A Jain Temple likely constructed between the 12th and 13th centuries during the Hoysala reign in present-day Karnataka region is now in ruins, unprotected and abandoned though ironically a sign board of Archeological Survey of India (ASI) stands at the entrance declaring it to be a protected monument and legal action against those trying to destroy it. The temple ruins are located at Punchavayal, near Panamaram, in Kerala's Wayanad district and it seems the apathy of the ASI is behind this sorry state of affairs.
Wayanad, which is situated on a picturesque mountainous plateau on the Western Ghats, might be called the Paradise of Kerala. It is a land where tradition, history and mystery enchant every visitor. The lands of modern-day Wayanad is a significant presence in the course of Kerala's history at least from the 10th century. The reflections of artistic expressions of the tribal community of Kerala in their distinct secluded form in the ancient social structure can be still traced in the hamlets of forested hilly tracts here. These were fair reasons for the students perusing their final-year post-graduation in History to finalise Wayanad as their destination for the study tour mandated in the curriculum.
The team of history enthusiasts consisted of class tutor asst prof C H Abdul Lathif, Dr T Divya , asst prof Jaison Augustine and nine students of the 2017-19 batch of MA students of the department of history, Maharaja's College, Ernakulam.
The plan did not consist of any time-bound itineraries rather the aim of the journey was to briefly understand the significance of Wayanad and Malappuram in the history of Kerala by getting a bird’s eye view of the places of historical relevance here.
It was by mere accident that the travellers noticed the temple ruins. The discovery came as a delight to the team of history enthusiasts. An ASI board welcomed them at the basadi (shrine). The board declared that the place was declared as a national monument according to the Ancient Monuments and Archaeological Sites and Remains Act (or AMASR Act) 1958 of the Government of India. It declared that those trying to damage the site would be punishable which included a fine of up to Rs 1 lakh and imprisonment up to two years. It was also stated that according to the Ancient Monuments and Archaeological Sites and Remains (Amendment and Validation) Act, 2010, the site and its surroundings were protected and any attempts of encroachments were a punishable offence.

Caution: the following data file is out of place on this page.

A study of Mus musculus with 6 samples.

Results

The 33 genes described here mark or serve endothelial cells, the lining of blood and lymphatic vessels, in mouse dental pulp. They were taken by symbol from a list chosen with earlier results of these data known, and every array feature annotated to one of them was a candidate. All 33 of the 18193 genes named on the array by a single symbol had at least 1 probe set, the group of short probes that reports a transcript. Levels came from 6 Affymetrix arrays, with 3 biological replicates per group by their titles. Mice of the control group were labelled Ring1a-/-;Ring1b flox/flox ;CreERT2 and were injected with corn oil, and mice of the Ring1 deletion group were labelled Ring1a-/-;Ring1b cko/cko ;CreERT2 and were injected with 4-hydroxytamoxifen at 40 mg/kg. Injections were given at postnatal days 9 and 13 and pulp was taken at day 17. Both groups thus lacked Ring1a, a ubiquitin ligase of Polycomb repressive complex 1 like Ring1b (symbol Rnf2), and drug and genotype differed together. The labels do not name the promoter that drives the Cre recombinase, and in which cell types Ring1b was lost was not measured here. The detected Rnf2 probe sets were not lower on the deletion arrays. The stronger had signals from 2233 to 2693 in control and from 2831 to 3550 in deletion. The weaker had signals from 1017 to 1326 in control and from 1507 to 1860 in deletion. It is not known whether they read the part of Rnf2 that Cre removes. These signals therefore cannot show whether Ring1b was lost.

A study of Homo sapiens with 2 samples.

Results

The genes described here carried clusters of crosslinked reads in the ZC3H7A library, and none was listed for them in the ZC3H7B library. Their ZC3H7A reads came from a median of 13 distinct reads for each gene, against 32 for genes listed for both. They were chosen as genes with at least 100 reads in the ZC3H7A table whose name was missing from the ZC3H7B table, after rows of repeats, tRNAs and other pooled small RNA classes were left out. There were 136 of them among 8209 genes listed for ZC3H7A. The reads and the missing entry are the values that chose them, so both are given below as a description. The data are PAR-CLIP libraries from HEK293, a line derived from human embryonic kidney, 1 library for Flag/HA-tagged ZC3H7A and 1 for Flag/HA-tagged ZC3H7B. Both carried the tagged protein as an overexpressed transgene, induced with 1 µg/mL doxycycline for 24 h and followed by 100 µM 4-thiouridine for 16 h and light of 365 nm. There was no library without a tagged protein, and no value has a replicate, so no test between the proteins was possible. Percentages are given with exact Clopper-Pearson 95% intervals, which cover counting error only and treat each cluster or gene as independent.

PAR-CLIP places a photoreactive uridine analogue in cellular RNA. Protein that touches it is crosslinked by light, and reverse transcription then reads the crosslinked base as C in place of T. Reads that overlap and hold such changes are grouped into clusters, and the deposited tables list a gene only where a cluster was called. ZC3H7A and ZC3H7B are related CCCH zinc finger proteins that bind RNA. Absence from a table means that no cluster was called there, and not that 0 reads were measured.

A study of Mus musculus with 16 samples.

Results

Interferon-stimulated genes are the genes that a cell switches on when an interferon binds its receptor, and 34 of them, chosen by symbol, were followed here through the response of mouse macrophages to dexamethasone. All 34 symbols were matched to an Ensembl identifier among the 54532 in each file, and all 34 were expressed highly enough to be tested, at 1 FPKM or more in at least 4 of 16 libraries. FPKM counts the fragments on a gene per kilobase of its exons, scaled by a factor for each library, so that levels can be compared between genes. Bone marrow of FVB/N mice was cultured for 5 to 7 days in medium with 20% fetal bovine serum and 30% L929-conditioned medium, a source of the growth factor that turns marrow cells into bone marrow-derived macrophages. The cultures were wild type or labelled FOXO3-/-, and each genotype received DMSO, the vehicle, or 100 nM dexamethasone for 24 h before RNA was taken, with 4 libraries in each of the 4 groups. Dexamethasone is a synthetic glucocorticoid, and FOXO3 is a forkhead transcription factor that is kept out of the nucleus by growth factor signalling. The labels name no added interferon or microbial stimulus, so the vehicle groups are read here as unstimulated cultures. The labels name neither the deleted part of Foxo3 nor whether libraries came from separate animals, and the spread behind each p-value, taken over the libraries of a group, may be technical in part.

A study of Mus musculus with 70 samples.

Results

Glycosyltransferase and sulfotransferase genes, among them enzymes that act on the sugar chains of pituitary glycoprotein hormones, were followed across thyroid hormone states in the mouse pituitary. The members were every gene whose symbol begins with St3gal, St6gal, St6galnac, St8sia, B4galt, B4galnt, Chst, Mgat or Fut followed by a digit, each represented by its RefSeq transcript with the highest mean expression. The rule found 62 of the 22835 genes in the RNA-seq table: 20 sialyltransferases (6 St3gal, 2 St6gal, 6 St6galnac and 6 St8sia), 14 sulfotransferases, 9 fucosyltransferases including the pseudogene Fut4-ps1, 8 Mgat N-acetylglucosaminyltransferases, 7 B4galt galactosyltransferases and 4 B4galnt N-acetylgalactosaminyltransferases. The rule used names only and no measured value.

Shockingly, the actual situation of the heritage site was pathetic. The remains of the stone structure were in an exposed condition and a major part of it has been already destroyed. Two stone temples in this area are called Vishnugudi and Janardhanagudi and were testimony to a thriving Jain culture in the area in the past. It is said that more than 300 sculptures are part of this temple ruins. Whatever that is remaining is itself a marvel to human eye and one great reminder of human skills. The walls of the temples have remains of inscriptions that if decoded may reveal new doors of Kerala history.
It was in 2014 that the ASI produced the first notification regarding its decision to undertake the protection of Vishnugudi. Though the board remains in a good condition no sign of protection is visible here. One tends to doubt whether this negligence is the result of the tendency to ignore the significance of Southern History when talking about Indian History as a whole.
While a look at the relics will surely bewitch anyone with an interest in art, culture or history, a closer look is equally disheartening. Empty liquor bottles, stumps of cigarettes, and packets of Hans that is adorning the floors of this epical monument today. This points to the presence of antisocial elements who can bring further danger to the existence of this heritage structure.
A photo exhibited at the Museum in Pazhahasi Kudeeram at Mananthavadi shows that the temple was in much better position earlier. The stone entrance that is seen in this photograph is not even found in a destructed form anywhere near the premises. The road runs very close to the monument and any plans to expand it can even lead to a total destruction of the entire monument.
asst prof Dr T Divya noted "the unexpectedly noticed ruins of Jain Basathi at Punchavayal were really mesmerising and disappointing at the same time.
The old Kannada inscriptions in the temple throw light to the Jain migration to the northern part of Kerala from the Kannada region. The monument has typical Jain Architectural and sculptural features like the floral designs, Naga images, and Vyali mugam steps, Pillared Mandapas and fish images or those of the Minanathar…"
Only with pain one could bid farewell to these relics.